Happ Wants to Spice Up the Offseason, Tebow Was the Worst Hitter (But Isn't Done Yet), and Other Cubs Bullets

Social Navigation

Happ Wants to Spice Up the Offseason, Tebow Was the Worst Hitter (But Isn’t Done Yet), and Other Cubs Bullets

Chicago Cubs

For whatever reason, The Little Boy got me started talking about the nature of existence and the big questions and that stuff last night, and he was fascinated by the possibilities. It went a whole bunch of weird directions, but at one point, I had occasion to offer the great stoner point of our age: “Maybe we’ve had this conversation before.” You shoulda seen his face. It’s cliche to most of us at this point to the point of being a joke, but I realized there’s a first time you hear such a thing and it totally blows your mind. I got to see that in him. It was wild. So much opened up to him in that moment.

•   It didn’t used to be this way, and it doesn’t *have* to be this way – but since most teams have become obsessed with cost-certainty the last few years and are content to let free agents wait things out, Ian Happ is spot on here:

•   To be sure, I’m fine with MLB’s traditionally slower-burning free agency than the NBA and the NFL, but what it’s become is way too far in the other direction. Free agency opens up at the start of November, and then you have MAYBE some big-time signings a month later, and then some really notable guys not signing until February+. Seems like it would be more fun for fans, more exciting for the sport, and better for the players, if free agency mostly shook out from like mid-November to mid-December. Try to really own that shorter space from a transactional perspective.*

•   *(Note that I’m totally speaking against my own interests here, because it helps me with #Content to have things stretched out through February. But, even as I personally enjoy doing the coverage over those months, I know that it isn’t necessarily the best thing for everyone else.)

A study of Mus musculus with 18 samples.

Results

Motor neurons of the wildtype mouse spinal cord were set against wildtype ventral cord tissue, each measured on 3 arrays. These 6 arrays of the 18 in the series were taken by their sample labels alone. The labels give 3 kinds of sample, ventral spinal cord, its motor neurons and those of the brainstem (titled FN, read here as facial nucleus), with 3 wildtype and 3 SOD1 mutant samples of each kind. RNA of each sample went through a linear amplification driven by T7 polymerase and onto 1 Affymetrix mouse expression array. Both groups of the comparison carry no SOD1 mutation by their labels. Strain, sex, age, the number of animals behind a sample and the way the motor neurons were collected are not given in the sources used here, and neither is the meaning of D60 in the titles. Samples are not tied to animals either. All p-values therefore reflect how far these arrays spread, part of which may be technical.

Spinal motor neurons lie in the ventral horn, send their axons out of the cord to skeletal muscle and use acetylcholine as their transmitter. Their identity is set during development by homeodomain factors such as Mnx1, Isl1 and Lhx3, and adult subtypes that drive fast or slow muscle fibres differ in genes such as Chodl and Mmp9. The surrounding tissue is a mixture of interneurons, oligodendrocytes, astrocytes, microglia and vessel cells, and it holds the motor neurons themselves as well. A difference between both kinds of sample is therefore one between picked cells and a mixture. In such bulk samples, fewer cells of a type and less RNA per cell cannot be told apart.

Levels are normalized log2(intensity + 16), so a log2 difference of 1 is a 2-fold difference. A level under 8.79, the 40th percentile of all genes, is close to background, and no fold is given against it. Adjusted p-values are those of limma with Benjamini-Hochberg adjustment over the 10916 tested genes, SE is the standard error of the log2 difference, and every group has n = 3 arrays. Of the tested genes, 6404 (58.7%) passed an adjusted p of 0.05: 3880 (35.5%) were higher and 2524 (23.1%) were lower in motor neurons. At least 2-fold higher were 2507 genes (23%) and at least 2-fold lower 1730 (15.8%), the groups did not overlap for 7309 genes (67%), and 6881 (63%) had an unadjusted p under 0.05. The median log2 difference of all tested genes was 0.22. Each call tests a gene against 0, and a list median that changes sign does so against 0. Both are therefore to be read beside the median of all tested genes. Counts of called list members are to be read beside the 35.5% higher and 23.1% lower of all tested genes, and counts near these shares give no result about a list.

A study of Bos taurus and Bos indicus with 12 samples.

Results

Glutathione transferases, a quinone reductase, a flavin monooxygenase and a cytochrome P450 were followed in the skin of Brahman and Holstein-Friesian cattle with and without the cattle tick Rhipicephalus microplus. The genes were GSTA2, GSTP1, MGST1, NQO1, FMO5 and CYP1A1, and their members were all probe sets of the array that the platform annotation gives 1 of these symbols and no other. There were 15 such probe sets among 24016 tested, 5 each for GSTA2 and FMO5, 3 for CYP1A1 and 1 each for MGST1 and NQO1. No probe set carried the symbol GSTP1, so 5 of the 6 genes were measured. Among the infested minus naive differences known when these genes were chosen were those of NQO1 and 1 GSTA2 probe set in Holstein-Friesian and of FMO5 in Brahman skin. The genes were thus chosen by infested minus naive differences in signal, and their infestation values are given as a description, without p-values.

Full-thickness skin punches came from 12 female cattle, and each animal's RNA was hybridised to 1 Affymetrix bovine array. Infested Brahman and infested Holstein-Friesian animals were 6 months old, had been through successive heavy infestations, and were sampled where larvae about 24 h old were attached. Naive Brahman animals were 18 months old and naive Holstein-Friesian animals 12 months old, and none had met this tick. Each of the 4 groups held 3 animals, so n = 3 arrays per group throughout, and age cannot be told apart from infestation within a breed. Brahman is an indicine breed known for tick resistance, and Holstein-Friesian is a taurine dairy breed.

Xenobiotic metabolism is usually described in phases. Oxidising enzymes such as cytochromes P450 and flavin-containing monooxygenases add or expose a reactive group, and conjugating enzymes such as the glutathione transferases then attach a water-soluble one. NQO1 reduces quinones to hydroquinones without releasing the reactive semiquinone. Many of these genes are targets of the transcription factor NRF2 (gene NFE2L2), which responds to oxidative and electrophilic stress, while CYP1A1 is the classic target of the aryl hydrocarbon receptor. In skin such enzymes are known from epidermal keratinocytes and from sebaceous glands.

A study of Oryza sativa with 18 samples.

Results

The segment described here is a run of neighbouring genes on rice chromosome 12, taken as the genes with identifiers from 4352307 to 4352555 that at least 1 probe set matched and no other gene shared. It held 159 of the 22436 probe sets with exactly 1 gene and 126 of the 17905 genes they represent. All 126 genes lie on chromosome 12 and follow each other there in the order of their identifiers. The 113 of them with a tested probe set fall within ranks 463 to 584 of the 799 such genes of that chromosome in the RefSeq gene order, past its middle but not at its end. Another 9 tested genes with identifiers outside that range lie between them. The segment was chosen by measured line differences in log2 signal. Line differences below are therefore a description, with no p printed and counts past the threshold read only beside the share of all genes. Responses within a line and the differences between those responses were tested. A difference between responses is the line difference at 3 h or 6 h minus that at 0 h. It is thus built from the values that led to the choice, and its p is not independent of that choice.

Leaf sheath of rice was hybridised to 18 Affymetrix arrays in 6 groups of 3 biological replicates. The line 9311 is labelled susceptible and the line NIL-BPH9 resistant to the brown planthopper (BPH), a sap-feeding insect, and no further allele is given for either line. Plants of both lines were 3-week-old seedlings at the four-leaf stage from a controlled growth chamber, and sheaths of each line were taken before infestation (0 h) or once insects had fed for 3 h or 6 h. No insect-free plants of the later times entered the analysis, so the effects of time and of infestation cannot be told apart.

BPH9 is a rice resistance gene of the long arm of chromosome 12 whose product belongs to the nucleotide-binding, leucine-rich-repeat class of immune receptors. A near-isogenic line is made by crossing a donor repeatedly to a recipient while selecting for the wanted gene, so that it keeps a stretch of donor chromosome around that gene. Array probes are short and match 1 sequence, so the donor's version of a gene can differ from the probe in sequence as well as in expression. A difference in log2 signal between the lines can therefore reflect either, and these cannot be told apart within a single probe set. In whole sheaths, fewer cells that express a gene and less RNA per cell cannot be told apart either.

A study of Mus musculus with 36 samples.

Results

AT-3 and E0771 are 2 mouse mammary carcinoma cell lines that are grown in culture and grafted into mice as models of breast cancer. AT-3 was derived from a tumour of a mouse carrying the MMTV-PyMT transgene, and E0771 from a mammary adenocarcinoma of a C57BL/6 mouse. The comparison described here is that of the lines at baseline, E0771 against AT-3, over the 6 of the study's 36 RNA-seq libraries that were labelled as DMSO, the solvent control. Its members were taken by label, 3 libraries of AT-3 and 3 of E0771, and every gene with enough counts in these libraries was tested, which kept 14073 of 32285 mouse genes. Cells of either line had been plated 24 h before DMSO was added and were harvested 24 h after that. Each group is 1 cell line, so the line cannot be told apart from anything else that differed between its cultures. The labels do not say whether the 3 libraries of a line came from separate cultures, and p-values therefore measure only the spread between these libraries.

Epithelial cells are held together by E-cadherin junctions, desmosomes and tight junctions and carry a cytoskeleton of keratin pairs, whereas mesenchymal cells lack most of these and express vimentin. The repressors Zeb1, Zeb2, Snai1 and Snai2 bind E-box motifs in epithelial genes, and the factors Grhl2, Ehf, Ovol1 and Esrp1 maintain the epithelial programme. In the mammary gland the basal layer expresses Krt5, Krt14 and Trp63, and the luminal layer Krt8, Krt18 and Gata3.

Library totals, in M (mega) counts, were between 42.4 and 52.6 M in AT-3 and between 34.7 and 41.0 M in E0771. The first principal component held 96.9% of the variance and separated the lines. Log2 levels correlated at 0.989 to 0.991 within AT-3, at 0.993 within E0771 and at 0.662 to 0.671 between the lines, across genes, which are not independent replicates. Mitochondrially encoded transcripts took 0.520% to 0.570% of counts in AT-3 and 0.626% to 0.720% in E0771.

•   More offseason spice-up from Happ:

•   Jed has jokes about his time as Theo’s side-sitting GM:

•   The Mets have encouraged 33-year-old outfielder-ish Tim Tebow to come back in 2021. Sandy Alderson says it’s because they don’t want to see the COVID year be the end of the line for him, which is fair, and I do want to credit Tebow for sticking with the minor leagues thing for four+ years now. But it’s been hard not to be cynical about the whole thing from the Mets perspective all along – here’s how Alderson put it to the Post: “I think that the organization has already benefited significantly from his involvement with the Mets and his pursuit of a baseball career. I think the Mets have benefited, I think baseball has benefited. As I said, this is not something that will go on forever. At some point it will lose its cachet or the interest of fans. But I couldn’t be happier with the way Tim has conducted himself as not only a teammate but a representative of the Mets. So given all that, he’s entitled to another shot post-COVID. And I’m happy he’s coming back.”

•   Tebow reached AAA in 2019, which is to say he was gifted a spot, where he hit .163/.240/.255. His 26 wRC+ was the worst – by far – among all players with at least 250 PAs at AAA, and it was tied for the worst wRC+ among ALL PLAYERS IN ALL OF AFFILIATED BALL. The guy he was tied with? An 18-year-old playing way above his head at Low-A. So, in a very real way, Tim Tebow was the single worst professional hitter in 2019. He’s since missed a year because of COVID, and he’ll turn 34 in August. I think the “new” Mets are going to give him a look in the Spring, maybe let him play at AA/AAA for a few weeks, and tell him it’s time.

•   I want to go to there:

•   Awesome stuff right here:

•   Get ready for tomorrow by sharing your Mount Rushmore:

Author: Brett Taylor

Brett Taylor is the Editor and Lead Cubs Writer at Bleacher Nation, and you can find him on Twitter at @BleacherNation and @Brett_A_Taylor.